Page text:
How To Deal With the Upcoming Stressors of the Holidays and Cold Weather

Article by Jessica Mordacq

Photography by Grey Grimm

Originally published in Boulder Lifestyle

Approaching the holiday season, it’s easy to fret over reuniting with family, preparing large meals and shopping for gifts, all while the days grow shorter and colder. Because so many people’s stress spikes during this time, Kendra Miguez, CEO and founder of Colorado Women’s Center, shares her tips on navigating end-of-the-year stressors.  

Navigating winter

Though Colorado boasts around 300 days of sunshine a year, for many, colder weather and less sunlight bring on Seasonal Affective Disorder (or SAD, a type of depression that often worsens in winter months). While Kendra says around 4% of the population is diagnosed with SAD, closer to 20% feel some kind of mild winter blues. 

To deal with the coming of lower temperatures and shorter days, Kendra suggests sticking to a routine, prioritizing group outings and spending as much time outside as possible. For those who still feel short on vitamin D, she recommends bright light therapy. Brighter than regular light bulbs, bright light emulates sunshine, which halts the body’s melatonin production. This might make you feel less tired and help keep your circadian rhythm on track. 


Start preparing for the often inevitable higher stress of winter in the fall by getting into the habit of regular exercise, especially outside.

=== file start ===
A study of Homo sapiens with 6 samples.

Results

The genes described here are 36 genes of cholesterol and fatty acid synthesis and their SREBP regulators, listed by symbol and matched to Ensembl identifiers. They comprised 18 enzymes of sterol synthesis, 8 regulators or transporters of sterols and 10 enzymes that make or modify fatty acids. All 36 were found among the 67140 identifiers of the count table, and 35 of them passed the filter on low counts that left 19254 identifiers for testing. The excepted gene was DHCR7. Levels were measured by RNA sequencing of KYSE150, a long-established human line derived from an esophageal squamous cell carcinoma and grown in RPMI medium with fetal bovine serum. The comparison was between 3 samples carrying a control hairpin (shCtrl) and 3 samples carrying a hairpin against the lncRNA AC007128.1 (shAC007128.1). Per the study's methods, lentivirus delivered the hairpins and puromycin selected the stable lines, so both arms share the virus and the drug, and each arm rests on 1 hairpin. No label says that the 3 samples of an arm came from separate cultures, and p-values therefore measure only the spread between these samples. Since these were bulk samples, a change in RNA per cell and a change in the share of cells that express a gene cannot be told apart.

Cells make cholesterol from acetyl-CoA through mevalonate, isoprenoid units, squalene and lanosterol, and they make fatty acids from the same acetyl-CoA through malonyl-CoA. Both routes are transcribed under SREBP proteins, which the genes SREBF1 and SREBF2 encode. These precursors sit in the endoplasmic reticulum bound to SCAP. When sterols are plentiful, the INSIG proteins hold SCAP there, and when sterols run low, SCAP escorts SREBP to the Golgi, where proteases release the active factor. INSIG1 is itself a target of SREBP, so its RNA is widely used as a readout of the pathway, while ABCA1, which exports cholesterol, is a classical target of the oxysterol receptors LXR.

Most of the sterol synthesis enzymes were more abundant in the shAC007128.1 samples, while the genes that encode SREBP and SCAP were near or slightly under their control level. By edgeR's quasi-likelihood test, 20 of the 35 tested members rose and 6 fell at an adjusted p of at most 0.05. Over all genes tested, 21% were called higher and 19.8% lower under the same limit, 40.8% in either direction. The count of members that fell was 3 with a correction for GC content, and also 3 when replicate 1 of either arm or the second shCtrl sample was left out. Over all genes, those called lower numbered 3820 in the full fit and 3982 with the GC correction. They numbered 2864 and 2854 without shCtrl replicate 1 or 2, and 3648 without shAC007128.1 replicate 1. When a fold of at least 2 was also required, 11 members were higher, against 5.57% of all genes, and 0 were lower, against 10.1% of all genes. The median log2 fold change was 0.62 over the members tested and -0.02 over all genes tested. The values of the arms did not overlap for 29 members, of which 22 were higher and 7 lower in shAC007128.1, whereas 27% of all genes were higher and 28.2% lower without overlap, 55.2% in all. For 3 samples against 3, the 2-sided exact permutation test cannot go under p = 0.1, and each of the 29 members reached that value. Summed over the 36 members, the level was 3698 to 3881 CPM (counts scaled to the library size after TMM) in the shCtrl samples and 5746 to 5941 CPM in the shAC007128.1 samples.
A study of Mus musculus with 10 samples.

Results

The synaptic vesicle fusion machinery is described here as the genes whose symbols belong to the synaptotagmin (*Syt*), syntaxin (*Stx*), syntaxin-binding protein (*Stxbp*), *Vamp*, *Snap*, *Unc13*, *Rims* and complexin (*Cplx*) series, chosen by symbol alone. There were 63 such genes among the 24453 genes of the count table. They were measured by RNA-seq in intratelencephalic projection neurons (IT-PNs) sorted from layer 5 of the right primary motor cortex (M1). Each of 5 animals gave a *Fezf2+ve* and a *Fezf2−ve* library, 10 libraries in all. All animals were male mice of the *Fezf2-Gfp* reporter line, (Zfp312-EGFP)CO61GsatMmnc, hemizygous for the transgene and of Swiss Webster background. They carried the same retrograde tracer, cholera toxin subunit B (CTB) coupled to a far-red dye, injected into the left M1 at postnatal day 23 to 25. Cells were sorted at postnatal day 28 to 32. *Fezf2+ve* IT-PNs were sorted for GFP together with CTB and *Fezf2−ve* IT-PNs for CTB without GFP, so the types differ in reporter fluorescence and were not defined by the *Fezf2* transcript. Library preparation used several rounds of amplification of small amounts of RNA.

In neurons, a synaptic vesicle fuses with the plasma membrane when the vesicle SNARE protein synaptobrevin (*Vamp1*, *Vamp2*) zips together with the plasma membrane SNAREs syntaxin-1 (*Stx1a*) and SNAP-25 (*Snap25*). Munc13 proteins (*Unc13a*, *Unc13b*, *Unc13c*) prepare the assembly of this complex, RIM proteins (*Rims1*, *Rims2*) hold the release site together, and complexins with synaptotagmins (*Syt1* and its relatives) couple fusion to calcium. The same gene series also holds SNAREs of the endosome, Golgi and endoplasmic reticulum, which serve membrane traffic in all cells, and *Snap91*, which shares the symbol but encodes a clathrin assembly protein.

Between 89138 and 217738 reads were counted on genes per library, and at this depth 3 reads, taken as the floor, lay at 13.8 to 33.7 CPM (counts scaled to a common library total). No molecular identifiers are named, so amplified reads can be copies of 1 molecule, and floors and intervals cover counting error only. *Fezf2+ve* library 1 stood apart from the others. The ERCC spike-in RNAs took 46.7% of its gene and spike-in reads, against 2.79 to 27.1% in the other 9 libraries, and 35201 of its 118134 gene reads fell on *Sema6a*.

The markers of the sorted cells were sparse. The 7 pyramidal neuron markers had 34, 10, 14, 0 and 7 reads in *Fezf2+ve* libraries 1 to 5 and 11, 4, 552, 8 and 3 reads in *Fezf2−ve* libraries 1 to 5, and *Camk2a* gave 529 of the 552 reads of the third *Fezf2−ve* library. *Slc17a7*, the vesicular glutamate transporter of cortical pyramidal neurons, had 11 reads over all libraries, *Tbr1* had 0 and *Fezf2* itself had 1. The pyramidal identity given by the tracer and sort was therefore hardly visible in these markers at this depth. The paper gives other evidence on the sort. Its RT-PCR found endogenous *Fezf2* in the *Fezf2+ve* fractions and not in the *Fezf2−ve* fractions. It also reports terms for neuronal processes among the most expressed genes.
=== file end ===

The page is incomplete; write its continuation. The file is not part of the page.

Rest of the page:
“Even if it’s the winter and dark out, if you’re moving in the elements, it will recreate a sense of what we get when we have sunshine,” Kendra says. Maximizing outdoor workouts, even when it’s cold out, is linked to lower stress levels. 

“There’s no such thing as bad weather,” Kendra adds, which she finds especially true in Colorado. With access to thousands of trails, Coloradoans love to strap on spikes for a snowy hike or swim laps in one of the state’s hot springs. 

Dealing with family 

Visiting relatives for the holidays often comes with lots of assumptions and emotions, so it’s helpful to prepare to put your own well-being first at family gatherings. Kendra recommends sitting with your expectations and noticing any discomfort you have around family members and certain situations you might encounter. Or identify excitement from potential conversations with those you feel safe with, “mentally sending love to everyone before you walk in the door,” Kendra says.

If you’re processing grief and loss of a loved one, which can become intense around this season, acknowledge your feelings and set boundaries, giving yourself permission to fully participate in the family function, or not. 

“You can miss a person and enjoy the holiday at the same time,” Kendra says, highlighting the importance of creating new traditions while celebrating the memory of someone who wants you to be happy.


Kendra notices that many people struggling with grief during the holidays work to lighten that feeling through charity. “When we help others, it alleviates so much of our pain and sadness,” Kendra says. “By bringing joy to someone else, we simultaneously feel it.” 

Plus, during the pandemic, we’ve missed several opportunities to enjoy the company of strangers and interact with our communities. Kendra says, “We were in isolation for so long, and we’re not meant to be apart from each other like that.”